Sunday, August 02, 2015

The Shadow, And Rumi

The first time I read Rumi, the 13th Century Persion poet, I was in college at the University of Oklahoma. However, his words didn't sit with me then... The second time I read Rumi I was in a sauna in San Francisco going to a Grateful Dead show. Let's just say his words stuck deep within me...

Now, I'm pretty much hooked on the power of Rumi's visuals and powerful narrative. One of the latest poems that's caught my attention is
Who Says Words With My Mouth. If I may be so bold as to provide my interpretation and analysis, then let me say that I'm most moved by how there appears to be a semblance of the ego, or a power known to the narrator that is similar to "that little voice in our head". However, Rumi brings forth the voice as having unwanted and, at times, wanted control over the actions/thoughts/words of the narrator. It is though there is a shadow force managing some drunken part of the mind. I call it ego!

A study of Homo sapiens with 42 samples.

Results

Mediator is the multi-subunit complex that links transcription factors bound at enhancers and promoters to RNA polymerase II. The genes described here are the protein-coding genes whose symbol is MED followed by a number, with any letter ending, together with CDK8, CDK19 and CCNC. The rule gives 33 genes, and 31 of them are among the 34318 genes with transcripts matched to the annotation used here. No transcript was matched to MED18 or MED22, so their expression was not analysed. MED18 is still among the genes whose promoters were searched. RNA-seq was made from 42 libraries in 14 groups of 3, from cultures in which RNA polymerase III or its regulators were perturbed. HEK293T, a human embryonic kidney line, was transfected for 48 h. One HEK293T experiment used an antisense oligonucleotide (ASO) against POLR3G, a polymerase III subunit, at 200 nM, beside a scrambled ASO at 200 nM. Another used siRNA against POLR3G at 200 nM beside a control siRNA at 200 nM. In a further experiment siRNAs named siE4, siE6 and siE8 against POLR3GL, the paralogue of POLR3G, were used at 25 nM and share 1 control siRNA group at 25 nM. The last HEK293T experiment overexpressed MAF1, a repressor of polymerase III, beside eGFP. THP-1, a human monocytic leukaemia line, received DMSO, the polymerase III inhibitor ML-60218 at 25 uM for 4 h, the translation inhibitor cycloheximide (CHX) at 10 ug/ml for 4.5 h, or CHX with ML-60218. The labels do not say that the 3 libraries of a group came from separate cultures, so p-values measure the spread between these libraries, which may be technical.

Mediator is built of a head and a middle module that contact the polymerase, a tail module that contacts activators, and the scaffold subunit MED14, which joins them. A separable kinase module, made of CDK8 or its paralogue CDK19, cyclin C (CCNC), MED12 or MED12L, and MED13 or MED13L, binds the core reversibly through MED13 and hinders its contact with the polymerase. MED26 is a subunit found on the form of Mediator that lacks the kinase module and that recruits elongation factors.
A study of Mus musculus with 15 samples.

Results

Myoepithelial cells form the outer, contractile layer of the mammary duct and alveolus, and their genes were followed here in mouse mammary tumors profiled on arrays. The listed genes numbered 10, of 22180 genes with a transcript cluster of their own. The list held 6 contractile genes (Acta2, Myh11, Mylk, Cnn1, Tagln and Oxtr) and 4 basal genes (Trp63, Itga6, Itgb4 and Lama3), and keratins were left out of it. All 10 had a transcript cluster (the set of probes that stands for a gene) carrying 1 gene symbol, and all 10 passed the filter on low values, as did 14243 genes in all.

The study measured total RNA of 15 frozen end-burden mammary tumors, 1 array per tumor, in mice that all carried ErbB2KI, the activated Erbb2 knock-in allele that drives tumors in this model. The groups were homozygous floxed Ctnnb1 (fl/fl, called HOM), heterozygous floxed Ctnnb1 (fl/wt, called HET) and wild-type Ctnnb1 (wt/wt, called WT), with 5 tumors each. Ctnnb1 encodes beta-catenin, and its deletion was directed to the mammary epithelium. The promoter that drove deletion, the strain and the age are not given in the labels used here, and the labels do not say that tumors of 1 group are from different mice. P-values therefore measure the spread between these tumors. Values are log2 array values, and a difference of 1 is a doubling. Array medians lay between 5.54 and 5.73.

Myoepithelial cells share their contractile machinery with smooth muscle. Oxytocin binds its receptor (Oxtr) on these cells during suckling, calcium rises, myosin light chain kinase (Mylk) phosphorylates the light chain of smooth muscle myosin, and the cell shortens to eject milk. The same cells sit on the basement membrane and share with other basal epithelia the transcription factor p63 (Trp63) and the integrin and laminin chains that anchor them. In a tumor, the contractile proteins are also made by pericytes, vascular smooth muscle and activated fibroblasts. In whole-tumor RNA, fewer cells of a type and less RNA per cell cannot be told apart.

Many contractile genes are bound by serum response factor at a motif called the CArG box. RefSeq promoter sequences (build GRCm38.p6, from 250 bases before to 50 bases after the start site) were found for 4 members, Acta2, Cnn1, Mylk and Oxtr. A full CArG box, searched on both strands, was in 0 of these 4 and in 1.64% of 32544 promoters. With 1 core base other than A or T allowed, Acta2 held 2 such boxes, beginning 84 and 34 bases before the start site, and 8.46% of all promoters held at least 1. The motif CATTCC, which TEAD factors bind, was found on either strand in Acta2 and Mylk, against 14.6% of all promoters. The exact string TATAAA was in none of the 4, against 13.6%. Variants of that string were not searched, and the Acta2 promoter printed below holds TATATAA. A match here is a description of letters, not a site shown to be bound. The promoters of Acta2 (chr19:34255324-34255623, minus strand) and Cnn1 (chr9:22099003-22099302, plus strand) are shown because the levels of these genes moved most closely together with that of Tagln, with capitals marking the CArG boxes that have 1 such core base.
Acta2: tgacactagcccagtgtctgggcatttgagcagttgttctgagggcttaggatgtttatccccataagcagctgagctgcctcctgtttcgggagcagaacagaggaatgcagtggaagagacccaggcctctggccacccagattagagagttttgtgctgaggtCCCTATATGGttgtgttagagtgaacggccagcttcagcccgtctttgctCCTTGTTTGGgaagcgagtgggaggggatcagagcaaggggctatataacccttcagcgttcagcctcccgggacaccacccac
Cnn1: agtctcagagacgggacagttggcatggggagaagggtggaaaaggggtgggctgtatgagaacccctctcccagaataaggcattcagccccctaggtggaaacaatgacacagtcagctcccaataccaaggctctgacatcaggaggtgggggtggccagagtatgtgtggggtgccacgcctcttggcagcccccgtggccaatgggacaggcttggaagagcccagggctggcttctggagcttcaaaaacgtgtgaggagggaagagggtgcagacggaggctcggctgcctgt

And don't we all have this little voice that likes to remind us of our lack of success/failures or how things should have been? For me, Rumi calls it out and asks, who is speaking for me? If this voice isn't my own, why does it speak? I also love that he calls in the drunk; the one voice that yells the loudest. There is likely no correcting the voice, as it has its place. Trust me, trying to fight this voice and silence its presence is a battle not easily won. But I love the question Rumi poses - who speaks for me? As I reflect on this, I wonder who that really, really is?